Skin cancer occurs when unrepaired DNA damage to skin cells triggers mutations, or genetic defects, that lead the skin cells to multiply rapidly and form malignant tumors.
It is often caused by ultraviolet radiation from sunshine or tanning beds. New technology being developed by researchers at the University of Waterloo and the Sunnybrook Research Institute is using artificial intelligence (AI) to help detect melanoma skin cancer earlier.
‘If melanoma is recognized and treated early, it is almost always curable, but if it is not, the cancer can advance and spread to other parts of the body, where it becomes hard to treat and can be fatal.’
The technology employs machine-learning software to analyze images of skin lesions and provide doctors with objective data on telltale biomarkers of melanoma, which is deadly if detected too late, but highly treatable if caught early.
The AI system--trained using tens of thousands of skin images and their corresponding eumelanin and hemoglobin levels--could initially reduce the number of unnecessary biopsies, a significant health-care cost. It gives doctors objective information on lesion characteristics to help them rule out melanoma before taking more invasive action.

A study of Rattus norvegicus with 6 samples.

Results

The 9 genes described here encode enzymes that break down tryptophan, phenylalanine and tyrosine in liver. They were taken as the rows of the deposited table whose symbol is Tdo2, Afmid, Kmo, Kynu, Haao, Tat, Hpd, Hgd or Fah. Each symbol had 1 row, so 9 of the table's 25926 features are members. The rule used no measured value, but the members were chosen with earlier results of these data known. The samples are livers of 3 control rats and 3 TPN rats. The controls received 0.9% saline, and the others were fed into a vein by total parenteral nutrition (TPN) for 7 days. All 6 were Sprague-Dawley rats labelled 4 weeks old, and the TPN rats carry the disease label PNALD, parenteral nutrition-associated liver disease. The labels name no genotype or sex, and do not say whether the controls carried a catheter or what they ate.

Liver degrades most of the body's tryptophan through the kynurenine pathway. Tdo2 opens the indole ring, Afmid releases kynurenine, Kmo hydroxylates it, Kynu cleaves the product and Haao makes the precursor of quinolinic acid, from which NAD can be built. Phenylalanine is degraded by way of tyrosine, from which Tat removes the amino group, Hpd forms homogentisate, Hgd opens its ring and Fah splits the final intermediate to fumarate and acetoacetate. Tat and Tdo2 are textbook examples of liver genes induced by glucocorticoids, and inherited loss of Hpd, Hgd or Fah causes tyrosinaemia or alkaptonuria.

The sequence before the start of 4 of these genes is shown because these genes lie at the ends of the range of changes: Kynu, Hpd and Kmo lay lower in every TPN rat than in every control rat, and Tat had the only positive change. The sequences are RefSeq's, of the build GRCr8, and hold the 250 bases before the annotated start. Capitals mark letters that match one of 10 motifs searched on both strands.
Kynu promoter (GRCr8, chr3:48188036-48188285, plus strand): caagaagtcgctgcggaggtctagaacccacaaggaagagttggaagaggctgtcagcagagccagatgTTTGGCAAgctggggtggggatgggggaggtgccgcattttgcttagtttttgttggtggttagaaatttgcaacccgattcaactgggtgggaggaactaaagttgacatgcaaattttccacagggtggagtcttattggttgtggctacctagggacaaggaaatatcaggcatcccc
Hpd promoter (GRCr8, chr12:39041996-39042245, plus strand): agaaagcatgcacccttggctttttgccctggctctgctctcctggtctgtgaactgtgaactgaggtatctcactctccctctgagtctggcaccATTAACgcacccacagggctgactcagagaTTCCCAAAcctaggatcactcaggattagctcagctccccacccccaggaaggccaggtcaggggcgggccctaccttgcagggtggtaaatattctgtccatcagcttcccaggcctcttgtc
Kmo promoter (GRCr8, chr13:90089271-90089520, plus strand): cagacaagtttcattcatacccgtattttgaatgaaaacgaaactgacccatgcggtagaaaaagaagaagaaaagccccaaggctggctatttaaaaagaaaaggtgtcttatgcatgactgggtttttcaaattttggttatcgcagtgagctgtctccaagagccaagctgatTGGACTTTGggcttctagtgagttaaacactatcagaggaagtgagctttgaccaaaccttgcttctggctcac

The technology could be available to doctors as early as next year.
"This could be a very powerful tool for skin cancer clinical decision support," said Alexander Wong, a professor of systems design engineering at Waterloo. "The more interpretable information there is, the better the decisions are."
Currently, dermatologists largely rely on subjective visual examinations of skin lesions such as moles to decide if patients should undergo biopsies to diagnose the disease.
The new system deciphers levels of biomarker substances in lesions, adding consistent, quantitative information to assessments currently based on appearance alone. In particular, changes in the concentration and distribution of eumelanin, a chemical that gives skin its colour, and hemoglobin, a protein in red blood cells, are strong indicators of melanoma.
"There can be a huge lag time before doctors even figure out what is going on with the patient," said Wong who is also the Canada Research Chair in Medical Imaging Systems. "Our goal is to shorten that process."
Wong developed the technology in collaboration with Daniel Cho, a former PhD student at Waterloo, David Clausi, a professor of systems design engineering professor at Waterloo, and Farzad Khalvati, an adjunct professor at Waterloo and scientist at Sunnybrook.
The research was recently presented at the 14th International Conference on Image Analysis and Recognition in Montreal.